GnuPG is a freely available command line encryption suite based on OpenPGP encryption library, and it is probably the most used encryption suite in the world. Every IT professional sooner or later face use cases that require to know how to handle it, but the point is that, despite a trivial usage of this suite may look quite easy, there are some not so obvious nuances that if known can really improve the experience, also saving from making some hidden mistakes that can really painful if anything would go wrong.

This is a quick, easy yet comprehensive GPG tutorial with the aim to provide a quick yet thorough explanation of how to safely use this amazing encryption suite.

The aim of "The Ultimate AWK Tutorial For Professionals" is not to provide a complete explain about how to code with AWK - there are more modern and handy languages such as Python nowadays: I just want to provide a very quick yet comprehensive walkthrough on it focusing on how to write AWK one-liners that are often embedded in shell scripts or that you can use to sort out common system administration tasks. That's why I'm also showing some real-life use cases with AWK one-liners that can very quickly and easily sort things out.


This post shows you how to manage client hosts using Ansible, either executing the Ansible roles assigned to the host group the client host belongs to, or running Ansible playbooks using Job Templates.

The Linux distribution used in the examples is CentOS 7, but you can of course easily adapt it to any other Red Hat and derived Linux distribution.


  • decrease the load on the central Katello server
  • reduce bandwidth usage onto geographical links
  • increase redundancy, and also to achieve a fine grained segregation level that may be required by some regulatory

Unless you are working in a quite small and not geographically distributed environment, it is very likely that you must provision a Foreman proxy sooner or later.

Provisioning Foreman proxies, same way as installing software in general, is a typical time consuming and error prone task that is often convenient to automate in some way.

As we already saw in the previous post, we can install Foreman proxy using Ansible having it to:

  • ensure that the target systems meet the minimal requirements
  • automatically partition the systems in the most convenient way
  • install everything taking in account of using the right versions of the involved packages so as to avoid installation failure because of wrong dependencies
  • set up all the configurations that are required to improve the usability of the installed environment
  • take care of issuing all the necessary statements to configure a Foreman proxy (a Capsule) on Katello (the Satellite) and automatically provision it

This is the second part of the "Install Katello Using Ansible" post: we are about to see how the playbooks developed in that post can be used to easily install Foreman-proxy using Ansible.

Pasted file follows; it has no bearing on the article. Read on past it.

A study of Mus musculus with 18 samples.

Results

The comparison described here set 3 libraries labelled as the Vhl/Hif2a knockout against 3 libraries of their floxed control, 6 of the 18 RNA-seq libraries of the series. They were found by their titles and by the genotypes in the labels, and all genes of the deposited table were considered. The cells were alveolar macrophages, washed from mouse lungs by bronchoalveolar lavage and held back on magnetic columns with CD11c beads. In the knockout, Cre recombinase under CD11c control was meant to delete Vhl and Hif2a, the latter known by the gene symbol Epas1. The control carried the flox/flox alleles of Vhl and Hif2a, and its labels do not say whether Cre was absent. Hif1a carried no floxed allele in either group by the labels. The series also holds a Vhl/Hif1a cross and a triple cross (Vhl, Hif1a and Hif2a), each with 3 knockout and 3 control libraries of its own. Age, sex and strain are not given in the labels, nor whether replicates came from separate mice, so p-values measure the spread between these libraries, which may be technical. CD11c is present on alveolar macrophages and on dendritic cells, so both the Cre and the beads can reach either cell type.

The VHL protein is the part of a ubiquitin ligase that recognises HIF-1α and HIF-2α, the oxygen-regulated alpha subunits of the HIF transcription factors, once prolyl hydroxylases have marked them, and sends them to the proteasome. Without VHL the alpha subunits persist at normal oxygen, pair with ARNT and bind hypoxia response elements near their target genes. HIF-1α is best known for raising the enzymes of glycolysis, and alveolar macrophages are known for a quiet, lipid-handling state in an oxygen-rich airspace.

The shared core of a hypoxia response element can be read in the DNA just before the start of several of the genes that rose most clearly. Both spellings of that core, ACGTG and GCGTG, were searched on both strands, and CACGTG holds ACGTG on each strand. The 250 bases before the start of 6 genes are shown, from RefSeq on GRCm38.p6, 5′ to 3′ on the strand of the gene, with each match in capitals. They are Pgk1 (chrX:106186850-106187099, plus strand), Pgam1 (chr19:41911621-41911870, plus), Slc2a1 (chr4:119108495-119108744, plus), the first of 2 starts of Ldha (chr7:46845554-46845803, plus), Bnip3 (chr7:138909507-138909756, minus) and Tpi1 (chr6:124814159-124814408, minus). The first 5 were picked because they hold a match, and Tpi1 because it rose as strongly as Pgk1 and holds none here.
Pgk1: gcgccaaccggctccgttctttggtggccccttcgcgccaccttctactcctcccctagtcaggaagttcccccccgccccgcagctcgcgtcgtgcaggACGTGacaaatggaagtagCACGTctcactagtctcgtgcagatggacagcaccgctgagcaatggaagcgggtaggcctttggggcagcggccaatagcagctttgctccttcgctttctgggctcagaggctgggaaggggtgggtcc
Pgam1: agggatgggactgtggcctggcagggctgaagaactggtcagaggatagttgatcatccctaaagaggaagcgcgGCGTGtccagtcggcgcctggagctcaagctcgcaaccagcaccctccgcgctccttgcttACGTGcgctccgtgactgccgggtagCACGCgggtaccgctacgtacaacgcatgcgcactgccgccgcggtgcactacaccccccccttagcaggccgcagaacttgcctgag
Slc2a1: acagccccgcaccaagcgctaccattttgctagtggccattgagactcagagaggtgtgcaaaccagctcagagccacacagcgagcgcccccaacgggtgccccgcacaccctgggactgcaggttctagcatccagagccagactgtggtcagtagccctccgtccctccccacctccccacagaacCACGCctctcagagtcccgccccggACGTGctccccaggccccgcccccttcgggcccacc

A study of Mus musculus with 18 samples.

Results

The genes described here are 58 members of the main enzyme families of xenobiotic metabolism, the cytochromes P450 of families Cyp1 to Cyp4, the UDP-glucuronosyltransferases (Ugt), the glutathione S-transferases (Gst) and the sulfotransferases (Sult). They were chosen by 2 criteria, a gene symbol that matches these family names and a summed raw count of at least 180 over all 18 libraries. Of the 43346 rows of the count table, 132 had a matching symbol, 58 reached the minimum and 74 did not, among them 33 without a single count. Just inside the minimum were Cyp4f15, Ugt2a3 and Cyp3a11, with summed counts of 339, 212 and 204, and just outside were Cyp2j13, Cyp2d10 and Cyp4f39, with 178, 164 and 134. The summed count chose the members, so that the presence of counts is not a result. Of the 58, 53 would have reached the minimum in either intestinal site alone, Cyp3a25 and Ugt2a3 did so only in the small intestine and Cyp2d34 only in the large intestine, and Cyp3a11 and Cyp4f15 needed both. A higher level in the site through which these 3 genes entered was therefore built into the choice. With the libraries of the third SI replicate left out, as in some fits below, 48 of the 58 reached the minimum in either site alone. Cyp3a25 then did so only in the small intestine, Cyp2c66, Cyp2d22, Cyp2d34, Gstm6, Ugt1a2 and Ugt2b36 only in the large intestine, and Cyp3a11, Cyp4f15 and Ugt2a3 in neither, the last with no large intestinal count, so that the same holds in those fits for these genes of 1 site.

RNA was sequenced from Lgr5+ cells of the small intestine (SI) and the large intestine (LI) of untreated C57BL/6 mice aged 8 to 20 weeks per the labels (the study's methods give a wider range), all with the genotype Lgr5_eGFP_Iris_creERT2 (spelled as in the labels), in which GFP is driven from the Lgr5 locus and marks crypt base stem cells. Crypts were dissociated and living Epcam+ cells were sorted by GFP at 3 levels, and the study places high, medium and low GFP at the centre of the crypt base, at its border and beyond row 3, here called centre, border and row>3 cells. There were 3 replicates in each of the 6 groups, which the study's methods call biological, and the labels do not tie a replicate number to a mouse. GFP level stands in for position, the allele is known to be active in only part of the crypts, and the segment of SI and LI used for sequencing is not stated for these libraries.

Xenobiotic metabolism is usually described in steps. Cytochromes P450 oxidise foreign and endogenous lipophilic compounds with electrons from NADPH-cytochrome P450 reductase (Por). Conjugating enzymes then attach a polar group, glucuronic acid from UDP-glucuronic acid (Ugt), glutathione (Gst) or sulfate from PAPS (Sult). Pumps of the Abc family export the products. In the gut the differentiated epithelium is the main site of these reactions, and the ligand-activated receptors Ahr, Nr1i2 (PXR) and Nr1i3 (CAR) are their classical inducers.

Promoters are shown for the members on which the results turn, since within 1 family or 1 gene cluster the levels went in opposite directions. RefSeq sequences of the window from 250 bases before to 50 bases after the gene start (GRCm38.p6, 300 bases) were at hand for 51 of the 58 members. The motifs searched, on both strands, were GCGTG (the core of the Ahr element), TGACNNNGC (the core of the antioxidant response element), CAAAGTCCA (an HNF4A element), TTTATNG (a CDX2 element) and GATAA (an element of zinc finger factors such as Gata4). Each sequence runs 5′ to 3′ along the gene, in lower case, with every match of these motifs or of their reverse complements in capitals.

The Satellite 6 is capable of handling multiple Puppet environments saving you from having to bother to manually configure and maintain them.

This post shows you how easy is creating a Puppet environment with Red Hat Network Satellite Server 6, and how to assign client hosts to it.

It shows:

  • how to create a Puppet repository that mirrors the online Puppetforge repository
  • how to publish some modules into a specific Environment of a selected Content View
  • how to assign Puppet modules to an host group, so that every client host belonging to it inherit them
  • how to customize the parameters of the modules assigning values only to client hosts that belongs to a host group  that matches the assignment criteria.

The Linux distribution used in the examples is CentOS 7, but you can of course easily adapt it to any other Red Hat and derived Linux distribution.


Ansible can be easily exploited to automate Katello installation having it to:

  • ensure that the target system meets the minimal requirements
  • automatically partition the system in the most convenient way
  • install everything taking in account of using the right versions of the involved packages so as to avoid installation failure because of wrong dependencies
  • set up all the configurations that are required to improve the usability of the installed environment
  • take care of issuing all the necessary statements to configure a Foreman proxy (a Capsule) on Katello (the Satellite) and automatically provision it

This post, based on CentOS 7, shows how to structure an Ansible project developing playbooks that either install Katello or install and configure Foreman proxies (Capsules, in  Red Hat Network Satellite Server 6 terms). In addition to that, the playbooks can also be used to reconfigure the provisioned Katello or Foreman proxies, for example to enable plugins. In this post we also see how to install the "theforeman.foreman" Ansible galaxy collection along with its dependencies, that enables the management of Katello using Ansible.